Last year, the companies State Power Investment Corporation (SPIC) —one of the largest Chinese electric infrastructure companies and operator of China’s nuclear power plants— and Shangai Nuclear Engineering Research and Design Institute (SNERDI) —a renowned reactor design center— contacted INVAP with the interest in collaborating on issues related to experimental nuclear reactors and radioisotope production plants for medical uses.
The process is in the early defining stages. As usual in these cases, the technical and commercial aspects of international scope entail several stages and cycles of participation of the protagonists involved.
The recent presidential visit to Beijing, accompanied by the Governor of the Province of Río Negro, ratified the path initiated. It is expected that the remission of the pandemic will permit professionals and technicians to travel between China and Argentina so as to speed up the process by taking the next steps.
China has recently formulated a national plan to produce Molybdenum-99 and other radioisotopes for medical use, most of which are currently imported. Thus, China’s government intends to build in the country a major research and radioisotope production center for nuclear medicine. This plan has awakened the interest from several industrial groups of the Asian country to work on the subject.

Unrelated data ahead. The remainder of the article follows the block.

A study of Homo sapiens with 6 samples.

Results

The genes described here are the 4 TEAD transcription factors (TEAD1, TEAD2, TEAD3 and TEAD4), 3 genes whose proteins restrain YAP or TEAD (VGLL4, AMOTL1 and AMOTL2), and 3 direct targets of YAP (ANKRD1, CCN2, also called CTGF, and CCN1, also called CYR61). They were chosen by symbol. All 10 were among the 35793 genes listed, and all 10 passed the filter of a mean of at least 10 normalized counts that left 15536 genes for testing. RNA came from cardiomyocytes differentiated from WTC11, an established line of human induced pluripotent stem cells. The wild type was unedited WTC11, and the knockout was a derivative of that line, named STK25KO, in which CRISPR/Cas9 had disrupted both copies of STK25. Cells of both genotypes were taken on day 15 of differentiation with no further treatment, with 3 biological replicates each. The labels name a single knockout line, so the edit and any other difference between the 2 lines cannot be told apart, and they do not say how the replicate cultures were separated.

It is worth mentioning that Argentina, through the National Commission of Atomic Energy (CNEA, in Spanish), developed during the 1990s a new technology for producing Molybdenum-99 —the radioisotope most used in nuclear medicine, based on low-enriched uranium (LEU)—, aimed at reducing the risk of proliferation and awarded by the international community. Since then, equipment and plants based on this technology have been exported, complementing the value chain of reactors exported by INVAP, as in the cases of Egypt, Australia, Algeria, India and the Netherlands.
Besides, some years ago, INVAP successfully provided China with cold neutron source equipment for an experimental reactor used for advanced studies in biology, chemistry and materials physics.